Many years ago, I worked at a very fast-paced agency, and I just couldn't keep up... or so I thought. I would keep showing work in review and getting smacked down. There were a lot of late nights and rework. But there didn't have to be.
One day, my art director pulled me aside and drew the following two illustrations on the board:
The sketch on the right was meant to show our current working process. The copywriter would hatch an idea with me and the art director, and then we'd go off into our separate worlds. Then, right before our review meeting with the team, we'd try to marry up our words and the visual design. Inevitably, things wouldn't quite mesh, we'd show it partially baked, and the work would get spun with feedback.
The braid pattern, shown on the left, was the ideal working process for collaborative making. This gave me time to refine the visual design while the writer could make revisions to their copy or spend more time refining how we could describe the visual design to the client. Also, in an agency setting, it's hard to think of the work as "your design," considering how many hands touch each project. The braid pattern forces you to consider alternate points of view and drop any pretense of ego. (And ego is definitely your enemy...)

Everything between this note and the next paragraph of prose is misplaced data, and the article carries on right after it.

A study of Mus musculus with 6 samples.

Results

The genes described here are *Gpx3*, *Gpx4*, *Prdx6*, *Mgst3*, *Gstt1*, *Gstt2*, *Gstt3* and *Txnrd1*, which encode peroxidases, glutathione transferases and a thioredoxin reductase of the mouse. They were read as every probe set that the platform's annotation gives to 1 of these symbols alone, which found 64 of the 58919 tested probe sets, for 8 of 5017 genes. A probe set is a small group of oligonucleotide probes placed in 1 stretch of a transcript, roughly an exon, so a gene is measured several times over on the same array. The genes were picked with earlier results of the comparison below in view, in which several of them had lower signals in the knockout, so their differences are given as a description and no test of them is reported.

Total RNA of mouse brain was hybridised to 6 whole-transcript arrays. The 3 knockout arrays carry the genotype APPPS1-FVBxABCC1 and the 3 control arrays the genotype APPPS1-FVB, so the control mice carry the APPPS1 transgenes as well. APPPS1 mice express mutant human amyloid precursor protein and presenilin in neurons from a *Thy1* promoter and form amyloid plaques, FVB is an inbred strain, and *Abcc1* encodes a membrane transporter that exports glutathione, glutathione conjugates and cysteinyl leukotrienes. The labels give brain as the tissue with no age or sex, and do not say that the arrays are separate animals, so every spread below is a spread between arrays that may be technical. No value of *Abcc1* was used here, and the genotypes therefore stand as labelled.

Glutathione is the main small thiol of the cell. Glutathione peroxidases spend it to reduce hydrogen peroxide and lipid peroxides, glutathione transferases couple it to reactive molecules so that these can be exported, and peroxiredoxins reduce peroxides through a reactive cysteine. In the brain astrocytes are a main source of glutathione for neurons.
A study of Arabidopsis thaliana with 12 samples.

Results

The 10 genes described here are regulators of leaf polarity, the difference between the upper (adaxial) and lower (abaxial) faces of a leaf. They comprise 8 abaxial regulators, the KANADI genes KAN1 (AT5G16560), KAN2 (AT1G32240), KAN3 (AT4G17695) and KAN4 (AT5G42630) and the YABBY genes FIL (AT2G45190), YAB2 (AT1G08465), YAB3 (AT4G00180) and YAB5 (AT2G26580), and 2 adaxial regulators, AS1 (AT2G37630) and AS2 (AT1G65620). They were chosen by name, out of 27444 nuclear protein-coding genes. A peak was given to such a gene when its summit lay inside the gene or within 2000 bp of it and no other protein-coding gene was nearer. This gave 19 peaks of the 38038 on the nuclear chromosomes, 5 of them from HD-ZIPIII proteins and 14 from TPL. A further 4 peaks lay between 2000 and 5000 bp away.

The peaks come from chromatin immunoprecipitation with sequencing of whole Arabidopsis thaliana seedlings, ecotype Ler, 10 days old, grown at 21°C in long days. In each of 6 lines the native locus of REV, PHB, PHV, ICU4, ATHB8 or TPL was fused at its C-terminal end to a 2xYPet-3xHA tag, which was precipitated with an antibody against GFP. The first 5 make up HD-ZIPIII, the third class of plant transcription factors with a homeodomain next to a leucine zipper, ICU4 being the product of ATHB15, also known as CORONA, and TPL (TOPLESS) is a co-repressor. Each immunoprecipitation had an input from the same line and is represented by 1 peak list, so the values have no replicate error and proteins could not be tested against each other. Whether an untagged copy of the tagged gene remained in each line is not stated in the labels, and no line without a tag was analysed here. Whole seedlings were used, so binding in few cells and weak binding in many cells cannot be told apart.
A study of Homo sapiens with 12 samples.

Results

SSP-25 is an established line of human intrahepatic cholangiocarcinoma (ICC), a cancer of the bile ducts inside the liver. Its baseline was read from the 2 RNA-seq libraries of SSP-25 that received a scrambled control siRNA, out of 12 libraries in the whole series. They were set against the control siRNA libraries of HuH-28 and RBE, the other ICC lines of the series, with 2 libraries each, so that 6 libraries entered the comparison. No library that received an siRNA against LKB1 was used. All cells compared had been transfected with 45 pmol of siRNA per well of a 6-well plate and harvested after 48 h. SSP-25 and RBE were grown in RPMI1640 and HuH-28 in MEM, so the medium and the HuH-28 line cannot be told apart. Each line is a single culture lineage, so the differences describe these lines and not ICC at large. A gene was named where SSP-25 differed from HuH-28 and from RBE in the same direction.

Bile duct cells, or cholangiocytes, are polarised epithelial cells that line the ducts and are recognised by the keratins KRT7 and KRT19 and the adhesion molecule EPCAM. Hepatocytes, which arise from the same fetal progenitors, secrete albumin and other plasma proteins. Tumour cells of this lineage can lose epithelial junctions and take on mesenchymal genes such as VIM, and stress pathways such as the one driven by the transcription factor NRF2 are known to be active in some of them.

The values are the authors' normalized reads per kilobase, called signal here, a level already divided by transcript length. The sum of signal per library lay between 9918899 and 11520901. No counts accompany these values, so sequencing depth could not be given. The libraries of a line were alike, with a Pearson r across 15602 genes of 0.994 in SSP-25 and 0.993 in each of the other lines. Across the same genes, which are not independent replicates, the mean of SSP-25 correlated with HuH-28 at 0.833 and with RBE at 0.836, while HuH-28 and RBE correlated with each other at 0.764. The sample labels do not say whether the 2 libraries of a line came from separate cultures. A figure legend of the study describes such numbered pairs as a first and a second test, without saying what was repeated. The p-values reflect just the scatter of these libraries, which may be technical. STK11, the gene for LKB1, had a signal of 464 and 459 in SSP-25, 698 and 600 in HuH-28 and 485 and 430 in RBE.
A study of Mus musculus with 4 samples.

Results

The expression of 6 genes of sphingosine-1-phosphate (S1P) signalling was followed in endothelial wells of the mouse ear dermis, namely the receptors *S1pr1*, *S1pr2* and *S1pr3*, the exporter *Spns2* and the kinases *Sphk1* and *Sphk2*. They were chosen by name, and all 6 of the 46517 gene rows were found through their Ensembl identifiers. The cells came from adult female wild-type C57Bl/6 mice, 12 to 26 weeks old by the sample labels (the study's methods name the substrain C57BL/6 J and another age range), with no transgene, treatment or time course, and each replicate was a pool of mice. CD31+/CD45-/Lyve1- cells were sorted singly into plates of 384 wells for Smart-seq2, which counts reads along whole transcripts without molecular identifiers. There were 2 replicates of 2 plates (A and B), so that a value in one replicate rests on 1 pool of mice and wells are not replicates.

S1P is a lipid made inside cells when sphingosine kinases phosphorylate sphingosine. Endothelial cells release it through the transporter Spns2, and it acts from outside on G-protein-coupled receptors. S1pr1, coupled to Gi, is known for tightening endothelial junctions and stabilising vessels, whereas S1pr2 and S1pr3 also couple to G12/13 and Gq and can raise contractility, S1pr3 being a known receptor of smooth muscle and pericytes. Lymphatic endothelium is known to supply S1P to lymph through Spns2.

In order to form a braid with your design team, you need to establish some very clear rules and stick to them without tension. To do so, you'd need to answer these basic questions:
1. Who is taking what role on the project? If you have multiple writers and designers on a project, divvy up the work with clean boundaries. If you were working on an annual report, one designer may own researching stock imagery to find the perfect photo direction for the photographer, while another designer may spend her time determining the chart styles and proper use of typography in the grid.
2. How frequently will we meet to review the work? Figure out what milestones you'll need before you enter the design phase and show it to your extended team. It doesn't matter how complete your work is, you still show it to your peers with a certain frequency.
3. Who has the final say on the work, and in what context? There must be a determination of who will weave all of those pieces into a final, cohesive vision. Though those decisions won't happen in a vacuum -- they should be discussed with the overall team to ensure that everyone perceives alignment.
Over time, as your team begins to gel, the braid becomes tighter and tighter. You intuitively bounce ideas back and forth from person to person. The work becomes stronger more quickly. Design work begins to be uniformly good, and often great, without a massive amount of struggle.
Keep in mind that the braid is not a substitute for self-critique of your own work. That's what the final part of this series is about.